Institute of Health and
Biomedical Innovation

2C: Prevention

Now that you have a better understanding of the principles of skin tear management, it is important to know how to reduce the risk of another skin tear occurring in the future.

Skin tear prevention strategies include the following:

Assess and recognise risk People with fragile, thin, bruised or discoloured skin are at a high risk for further skin tears.
Use extreme caution and a gentle touchMany skin tears occur when performing normal daily activities such as bathing, dressing and transferring individuals at risk. Therefore, avoid wearing jewellery or watches.
Avoid direct contact with the skin When transferring someone, use slide sheets where possible to reduce the risk of friction or shearing forces on the skin.
Protect fragile skin If a person has fragile skin or has had repeated skin tears, encourage them to wear long sleeves and long trousers to protect their skin.
Apply a pH neutral moisturiser and/or barrier cream at least twice daily This will help to prevent dry skin.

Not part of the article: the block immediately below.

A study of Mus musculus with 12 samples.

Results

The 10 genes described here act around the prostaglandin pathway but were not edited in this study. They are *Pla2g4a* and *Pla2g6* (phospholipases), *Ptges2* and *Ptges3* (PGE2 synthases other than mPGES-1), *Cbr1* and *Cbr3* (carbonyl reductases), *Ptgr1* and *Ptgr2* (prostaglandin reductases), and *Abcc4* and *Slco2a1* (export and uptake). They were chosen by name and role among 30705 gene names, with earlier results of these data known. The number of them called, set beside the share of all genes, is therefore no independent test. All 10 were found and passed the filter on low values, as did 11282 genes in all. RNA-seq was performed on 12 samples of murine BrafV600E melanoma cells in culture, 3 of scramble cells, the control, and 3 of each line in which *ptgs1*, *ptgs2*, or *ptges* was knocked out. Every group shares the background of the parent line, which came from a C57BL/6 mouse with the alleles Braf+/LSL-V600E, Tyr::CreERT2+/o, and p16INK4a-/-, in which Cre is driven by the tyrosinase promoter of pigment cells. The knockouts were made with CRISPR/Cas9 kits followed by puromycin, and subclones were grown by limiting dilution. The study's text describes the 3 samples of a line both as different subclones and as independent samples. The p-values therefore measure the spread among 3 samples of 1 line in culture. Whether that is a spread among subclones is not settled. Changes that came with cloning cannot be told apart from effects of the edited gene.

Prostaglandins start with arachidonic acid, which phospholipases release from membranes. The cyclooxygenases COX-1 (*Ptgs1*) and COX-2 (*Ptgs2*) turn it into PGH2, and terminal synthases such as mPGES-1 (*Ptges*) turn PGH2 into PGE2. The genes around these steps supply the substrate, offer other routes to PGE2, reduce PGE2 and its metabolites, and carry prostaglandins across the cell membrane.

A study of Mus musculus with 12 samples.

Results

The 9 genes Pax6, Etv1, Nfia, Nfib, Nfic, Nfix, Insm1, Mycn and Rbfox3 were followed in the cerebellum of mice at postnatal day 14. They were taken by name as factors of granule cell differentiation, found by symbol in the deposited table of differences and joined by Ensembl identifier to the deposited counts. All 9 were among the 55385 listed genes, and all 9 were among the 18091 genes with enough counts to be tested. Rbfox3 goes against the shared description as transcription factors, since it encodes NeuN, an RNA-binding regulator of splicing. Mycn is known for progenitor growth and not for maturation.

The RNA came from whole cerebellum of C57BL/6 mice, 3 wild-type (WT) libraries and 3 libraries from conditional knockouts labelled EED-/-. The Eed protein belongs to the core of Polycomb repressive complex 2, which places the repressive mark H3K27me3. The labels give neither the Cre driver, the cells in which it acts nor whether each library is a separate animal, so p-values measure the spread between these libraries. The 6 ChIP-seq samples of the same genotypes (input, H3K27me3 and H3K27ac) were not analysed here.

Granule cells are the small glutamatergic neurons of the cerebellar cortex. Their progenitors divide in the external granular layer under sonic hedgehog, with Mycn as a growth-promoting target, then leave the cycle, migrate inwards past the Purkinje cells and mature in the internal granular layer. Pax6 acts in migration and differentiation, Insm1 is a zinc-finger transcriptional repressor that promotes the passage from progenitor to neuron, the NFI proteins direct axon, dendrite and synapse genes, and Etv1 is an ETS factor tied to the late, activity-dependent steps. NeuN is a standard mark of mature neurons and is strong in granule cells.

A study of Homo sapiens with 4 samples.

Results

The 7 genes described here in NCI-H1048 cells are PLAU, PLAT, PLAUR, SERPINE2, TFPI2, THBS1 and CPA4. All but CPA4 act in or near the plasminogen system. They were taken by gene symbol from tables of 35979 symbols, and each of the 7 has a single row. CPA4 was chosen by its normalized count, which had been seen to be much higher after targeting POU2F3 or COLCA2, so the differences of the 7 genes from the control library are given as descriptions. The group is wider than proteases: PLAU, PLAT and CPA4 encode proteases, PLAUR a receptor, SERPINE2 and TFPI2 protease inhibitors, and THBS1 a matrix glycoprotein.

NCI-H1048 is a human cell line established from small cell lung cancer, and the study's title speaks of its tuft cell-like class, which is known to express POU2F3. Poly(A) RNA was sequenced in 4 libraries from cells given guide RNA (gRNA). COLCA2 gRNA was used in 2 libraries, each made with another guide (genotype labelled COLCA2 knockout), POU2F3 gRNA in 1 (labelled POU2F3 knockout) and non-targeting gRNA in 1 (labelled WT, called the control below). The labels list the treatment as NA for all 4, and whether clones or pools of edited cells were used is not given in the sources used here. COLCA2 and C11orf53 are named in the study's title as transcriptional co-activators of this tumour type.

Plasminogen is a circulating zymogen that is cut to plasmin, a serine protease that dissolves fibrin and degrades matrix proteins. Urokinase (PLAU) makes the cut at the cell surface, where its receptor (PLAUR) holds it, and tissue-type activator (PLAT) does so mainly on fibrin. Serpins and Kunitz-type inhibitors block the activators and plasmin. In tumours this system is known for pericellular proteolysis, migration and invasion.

Use soap-free alternatives Avoid using soaps and perfumed lotions as these can dry the skin. Instead use a pH neutral cleanser or moisturiser.
Avoid using adhesives Adhesives may increase the risk of tearing the skin when they are removed. It is advisable to use a limb protector as an alternative.
Use protective padding on furniture and equipmentPad bed rails, wheelchair arms and leg supports to reduce the risk of skin injuries.
IMAGE - M2 10 Padded wheelchair supports
IMAGE - M2 11 Padded wheelie walker
Ensure adequate lighting A well-lit environment helps to reduce risk of people bumping into furniture, doors or equipment.
Provide continuing education Help other staff members, clients and their family members understand the importance of identifying those at risk for skin tears, appropriate treatment and prevention strategies.